Improv Proficiency 6: Active Listening

Roleplaying in a game is one of the most effective ways a player can interface with their character and immerse themselves into the world of the game. A common concern among newer players however, is that they don’t believe they can think on their feet.

Luckily, it’s easy to cultivate improvisation skills! The dirty secret of improv is that you can practice it. You’re at the table anyway, so try these games and tools to improve your skills.

Catch up on all installments of Improv Proficiency!

The final tool to help bring them all the improv strategies together is active listening.

As opposed to passive listening, where you ambiently hear the things around you, active listening requires your attention. You seek out certain prompts or ideas from your fellow players.

This concept is the glue that holds any good scene together. Without it, players wind up building their own scenes at the same time, not working together. (Remember, in this context a “scene” is any moment of a game in which roleplaying is in the forefront.)

Make a Perception Check

Active listening means putting in conscious effort to listen to what your fellow players are saying and doing. No matter your role in a scene, whether you are a player or GM, active listening will help you accomplish two things with your roleplaying.

1. It keeps you present and attentive. A player who listens and engages with what they are listening to is a player who respects the game and the effort to play it by others.

2. It makes roleplay much easier. Active listening allows you to pick up prompts that you can use to springboard into full roleplay. These prompts keep you ready to improvise at a moment’s notice with constructive ideas.

LARCH Prompt

Every scene is built on the foundation of LARCH (Location, Action, Relationship, Character, and History). As a scene is set up by the GM and other players begin to roleplay within it, listen for any of the five scene aspects that are absent.

Make it your job to add what’s missing. This makes the scene stronger and gives the other players ideas to roleplay off of.

The First Unusual Thing Prompt

TTRPGs are designed with objectives for the players to accomplish, so scenes should also have objectives. The first unusual thing (see Improv Proficiency 3: Games Within the Game) is a starting point to create a minigame objective within a scene. When you or another player have identified something as the first unusual thing, it must be clearly communicated in character that it has been identified.

Player 1: Wait, the dragon tends to avoid areas with lots of smoke? Maybe it has asthma?

Player 2: A dragon with asthma?! (signaling to other players the first unusual thing by repeating what was said)

Player 3: Maybe it needs to see a doctor for its asthma? (acknowledging the first unusual thing pointed out by Player 2)

When another player repeats something in this way, that’s your signal. They’re prompting others at the table (YOU) to interact with the first unusual thing. Listen for this prompt to find common ground with the players in the scene.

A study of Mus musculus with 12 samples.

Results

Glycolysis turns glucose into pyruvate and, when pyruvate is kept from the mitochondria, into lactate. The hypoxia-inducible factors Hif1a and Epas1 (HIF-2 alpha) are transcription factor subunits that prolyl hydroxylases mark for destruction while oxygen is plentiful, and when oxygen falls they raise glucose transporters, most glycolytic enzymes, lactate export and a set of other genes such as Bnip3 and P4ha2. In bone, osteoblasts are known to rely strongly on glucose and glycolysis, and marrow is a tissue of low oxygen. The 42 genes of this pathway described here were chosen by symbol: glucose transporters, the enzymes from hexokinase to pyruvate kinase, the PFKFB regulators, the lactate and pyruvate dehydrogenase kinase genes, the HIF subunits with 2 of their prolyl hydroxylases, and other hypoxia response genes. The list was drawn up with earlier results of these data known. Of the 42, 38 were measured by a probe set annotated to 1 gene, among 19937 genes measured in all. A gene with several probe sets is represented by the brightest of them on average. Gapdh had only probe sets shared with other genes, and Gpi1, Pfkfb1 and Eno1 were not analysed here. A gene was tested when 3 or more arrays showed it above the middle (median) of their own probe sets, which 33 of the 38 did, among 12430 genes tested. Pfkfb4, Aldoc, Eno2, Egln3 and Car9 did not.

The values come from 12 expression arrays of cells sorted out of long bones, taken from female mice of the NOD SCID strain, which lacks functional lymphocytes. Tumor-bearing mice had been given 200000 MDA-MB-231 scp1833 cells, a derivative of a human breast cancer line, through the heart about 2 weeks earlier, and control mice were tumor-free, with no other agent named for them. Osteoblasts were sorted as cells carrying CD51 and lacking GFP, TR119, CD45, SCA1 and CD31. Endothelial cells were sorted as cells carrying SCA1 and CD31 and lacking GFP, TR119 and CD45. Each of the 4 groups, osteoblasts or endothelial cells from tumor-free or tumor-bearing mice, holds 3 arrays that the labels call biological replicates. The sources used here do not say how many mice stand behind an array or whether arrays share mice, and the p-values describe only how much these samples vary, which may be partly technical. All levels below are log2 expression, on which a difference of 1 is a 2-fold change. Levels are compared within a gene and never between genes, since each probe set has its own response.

Don’t Mess With the Baby Prompt

One of a GM’s many responsibilities is laying out an encounter or scene and describing what is present for players to interact and roleplay with. At the center of these descriptions is usually the “baby,” or the central idea of a scene (see Improv Proficiency: Don’t Mess With the Baby).

As simple as it sounds, actively listen to your GM’s narration to identify the baby. From there, you decide whether you mess with it!

Scene Energy Prompt

A GM can intend for a scene to have a certain mood or energy. They can communicate that energy to players in the way they speak and describe things.

As a player, listen for that energy. It’s your signal to you of how things should initially proceed in a scene.

Communication is King

The ultimate goal in all of this is to help players practice to improvise and roleplay completely in character. Developing these skills takes time. And practice! It might be tricky to get the ball rolling in your first scenes, and you may not do things perfectly on your first try.

When things don’t go smoothly, it is OK to ask for clarification out of character. Don’t feel embarrassed to ask other players what they think the first unusual thing is, or to ask the GM directly what type of energy they want a scene to have.

Frequently, other players will be grateful that you are considering their thoughts before you decide your next move. You might even help another hesitant player out by asking for more clear and concise information to use.

Stay in communication with everyone else at the table, and there is really no way to mess up improv. It’s all made up anyway!

For more insight into how the games are played and made, told by the pros, check out Kobold Guides!
The Kobold Guide to Worldbuilding gets you inside info on making your world more fun and real.
The Kobold Guide to Gamemastering gives you tips and structure for upping for GM game!
And there are many more Kobold Guides, waiting for you!

about Evan Noone

Evan Noone is an independent TTRPG writer and designer. Whether his storytelling prowess is a gift from his infernal patron, The Imp, or he is the fiend itself remains to be seen. You can explore his collection of TTRPG supplements on DMs Guild or follow him on twitter @impgames_.